As the holiday lights start to fade, we come to one of the most anticipated times of the year – bonus season!

Such a happy time. Who doesn’t love getting a bonus, and what employer doesn’t like rewarding good performance with some extra monetary recognition? Bonuses are great, but keep in mind that they also

iStock_000009138140XSmall[1].jpgOne of the more surprising changes in the new FLSA overtime exemption rules is a provision allowing  certain bonuses, commissions, and incentive pay to count for up to 10% of the new increased minimum salary level. However, the rule provides that only “nondiscretionary” bonuses, incentives, and commissions can be counted. So what exactly does “nondiscretionary” mean?

The new rules don’t actually define “nondiscretionary,”  but another part of the FLSA regulations (specifically 29 C.F.R. § 778.211), provides some guidance here. That section discusses which bonuses can be excluded from the “regular rate” used to calculate overtime for non-exempt employees because they are discretionary:

iStock_SantaMoney.XSmall.jpgAs 2012 comes to a close, we inevitably receive questions related to year-end bonuses.  Last year, I posted about whether employers were required to pay a pro-rata bonus to those employees who left their employment before the bonus was paid out.  This year, I thought it might be helpful to remind employers of certain rules relating to bonus payments made to non-exempt employees.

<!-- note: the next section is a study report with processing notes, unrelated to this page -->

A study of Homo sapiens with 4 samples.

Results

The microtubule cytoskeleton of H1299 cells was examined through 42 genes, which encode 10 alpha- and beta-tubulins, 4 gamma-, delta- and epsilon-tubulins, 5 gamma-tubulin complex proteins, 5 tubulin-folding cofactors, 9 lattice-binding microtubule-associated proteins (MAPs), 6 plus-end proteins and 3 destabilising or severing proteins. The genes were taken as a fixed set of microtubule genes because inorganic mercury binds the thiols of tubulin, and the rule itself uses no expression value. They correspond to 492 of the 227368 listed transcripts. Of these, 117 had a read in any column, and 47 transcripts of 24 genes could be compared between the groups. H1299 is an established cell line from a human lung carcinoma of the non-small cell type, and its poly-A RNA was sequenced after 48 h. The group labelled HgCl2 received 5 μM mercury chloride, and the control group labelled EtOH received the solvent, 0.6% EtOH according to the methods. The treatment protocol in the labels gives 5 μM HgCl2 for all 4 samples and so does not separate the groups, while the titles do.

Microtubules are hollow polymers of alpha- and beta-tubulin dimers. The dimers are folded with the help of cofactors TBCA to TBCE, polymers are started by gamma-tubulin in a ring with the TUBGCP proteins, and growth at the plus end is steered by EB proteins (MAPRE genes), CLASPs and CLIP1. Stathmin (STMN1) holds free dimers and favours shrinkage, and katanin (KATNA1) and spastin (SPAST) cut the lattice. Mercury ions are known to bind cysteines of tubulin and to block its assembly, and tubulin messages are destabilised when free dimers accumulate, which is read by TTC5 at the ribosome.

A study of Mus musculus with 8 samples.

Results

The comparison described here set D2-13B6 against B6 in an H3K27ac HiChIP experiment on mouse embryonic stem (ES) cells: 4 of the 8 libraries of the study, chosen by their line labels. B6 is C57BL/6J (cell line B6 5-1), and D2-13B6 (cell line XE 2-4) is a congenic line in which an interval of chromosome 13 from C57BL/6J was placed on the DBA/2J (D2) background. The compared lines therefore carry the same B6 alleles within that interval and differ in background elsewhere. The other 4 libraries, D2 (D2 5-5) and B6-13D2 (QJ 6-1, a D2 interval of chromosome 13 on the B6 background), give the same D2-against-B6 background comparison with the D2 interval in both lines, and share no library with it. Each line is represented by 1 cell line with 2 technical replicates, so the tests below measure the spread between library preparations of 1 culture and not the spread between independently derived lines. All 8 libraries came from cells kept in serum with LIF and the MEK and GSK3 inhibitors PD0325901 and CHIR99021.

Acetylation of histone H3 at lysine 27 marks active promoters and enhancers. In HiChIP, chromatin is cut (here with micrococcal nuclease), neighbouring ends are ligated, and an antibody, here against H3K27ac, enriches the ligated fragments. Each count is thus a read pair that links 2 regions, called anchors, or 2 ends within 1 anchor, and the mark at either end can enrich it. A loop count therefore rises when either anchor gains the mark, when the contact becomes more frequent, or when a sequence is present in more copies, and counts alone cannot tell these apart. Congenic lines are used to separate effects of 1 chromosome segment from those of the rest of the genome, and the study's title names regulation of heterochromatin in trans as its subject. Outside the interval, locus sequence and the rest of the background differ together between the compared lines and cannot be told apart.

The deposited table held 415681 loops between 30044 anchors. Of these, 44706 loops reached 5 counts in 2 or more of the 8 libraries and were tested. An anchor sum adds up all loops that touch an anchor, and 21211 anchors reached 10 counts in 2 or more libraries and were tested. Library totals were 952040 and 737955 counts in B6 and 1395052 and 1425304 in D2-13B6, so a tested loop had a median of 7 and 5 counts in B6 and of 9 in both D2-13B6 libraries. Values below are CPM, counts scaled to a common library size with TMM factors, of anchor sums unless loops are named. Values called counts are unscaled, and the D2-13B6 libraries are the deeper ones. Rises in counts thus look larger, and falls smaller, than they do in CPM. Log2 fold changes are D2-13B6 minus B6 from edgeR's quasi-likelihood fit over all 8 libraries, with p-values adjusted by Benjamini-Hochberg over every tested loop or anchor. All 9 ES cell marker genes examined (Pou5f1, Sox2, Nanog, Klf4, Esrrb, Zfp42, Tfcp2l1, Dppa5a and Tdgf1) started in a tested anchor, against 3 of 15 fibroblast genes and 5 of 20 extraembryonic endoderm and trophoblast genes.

Bonus Payments and Overtime

The Fair Labor Standards Act (FLSA) requires that overtime pay be determined using the employee’s “regular rate” of pay, which includes all earnings paid to the employee during the workweek.  However, the FLSA specifically provides that certain earnings may be excluded from the regular rate, including certain bonuses where:

(a) the bonus remains completely within the employer’s discretion, which the employer exercises close to the end of the period for which the bonus is paid, and is in no way required by any contract, agreement, or promise such that employees may expect the bonus, or

(b) the bonus payments are made pursuant to a bona fide profit-sharing plan or trust or bona fide thrift or savings plan; 29 CFR § 778.200(a).